Newly released footage of a sailor crashing into rubbish floating in Rio de Janeiro's Guanabara Bay has raised further concerns about the state's promises to clean up dirty waters where the Olympics sailing events will be disputed next year.
The incident, which took place on 14 February, involved professional sailors Breno Osthoff, 20, and Rafael de Almeida Sampaio, 35, who were training in a 49er class dinghy.
The video registers the moment when the boat, travelling at ten knots, approximately 20kmph, crashed into a plastic box used to transport fish which was discarded in the bay.
According to the Osthoff, the impact was so great that the box broke in half and the boat was forced onto its side.
"The impact broke the keel, damaged the hull, and as we turned we fell on top of the sails and scraped the two sails. The damage was very significant and it is just unacceptable," Osthoff said at a training session on 8 April.
There was costly damage to the boat, but Osthoff says that the potential damage to an athlete's sporting campaign could be much worse. He said that a collision of such kind, were it to take place during a competition, would be almost impossible to recover from. At Olympic level, he said, such a possibility cannot be permitted.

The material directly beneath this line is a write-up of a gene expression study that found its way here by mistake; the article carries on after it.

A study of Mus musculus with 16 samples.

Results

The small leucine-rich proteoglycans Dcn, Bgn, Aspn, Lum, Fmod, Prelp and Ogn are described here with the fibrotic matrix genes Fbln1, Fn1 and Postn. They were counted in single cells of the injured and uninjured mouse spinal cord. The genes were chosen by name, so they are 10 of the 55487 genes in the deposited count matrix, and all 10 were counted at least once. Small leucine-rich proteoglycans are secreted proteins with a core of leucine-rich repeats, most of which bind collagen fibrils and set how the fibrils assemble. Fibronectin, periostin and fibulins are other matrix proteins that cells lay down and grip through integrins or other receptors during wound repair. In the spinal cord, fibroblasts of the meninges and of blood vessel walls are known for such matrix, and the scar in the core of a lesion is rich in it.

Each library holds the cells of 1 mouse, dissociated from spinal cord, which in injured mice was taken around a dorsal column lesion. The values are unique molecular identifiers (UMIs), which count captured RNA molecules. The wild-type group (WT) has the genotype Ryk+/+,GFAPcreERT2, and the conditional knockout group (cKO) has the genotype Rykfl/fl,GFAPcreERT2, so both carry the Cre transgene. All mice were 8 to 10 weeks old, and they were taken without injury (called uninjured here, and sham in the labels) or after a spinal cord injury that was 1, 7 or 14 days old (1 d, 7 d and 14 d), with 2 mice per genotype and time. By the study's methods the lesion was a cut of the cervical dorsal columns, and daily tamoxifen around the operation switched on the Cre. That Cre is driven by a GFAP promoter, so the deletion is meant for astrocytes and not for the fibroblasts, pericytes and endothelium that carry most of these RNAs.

"Sailing in the rubbish is an atypical way to sail, since there are many conditions which we do not control but which we work with, such as wind conditions, temperature, direction and strength. We see a lot of rubbish but it is something we do not control. We often have to change our tactics due to unconventional factors," Osthoff explained.
Rio de Janeiro pledged to reduce pollution in the notoriously fetid Guanabara Bay by 80% but officials confirmed last month that the target will not be reached.
Brazilian Olympic officials said on 24 March that they would only clean up lanes for sailors in 2016 and not the whole body of water for the sailing competition as originally promised.
Rio Mayor, Eduardo Paes, said that the sailing events will take place in a relatively clean part of the bay and as it is the dry season, there will be less water flowing into the bay from the five rivers that surround it.
Biologists last year said rivers leading into the bay contained a superbacteria that is resistant to antibiotics and can cause urinary, gastrointestinal and pulmonary infections.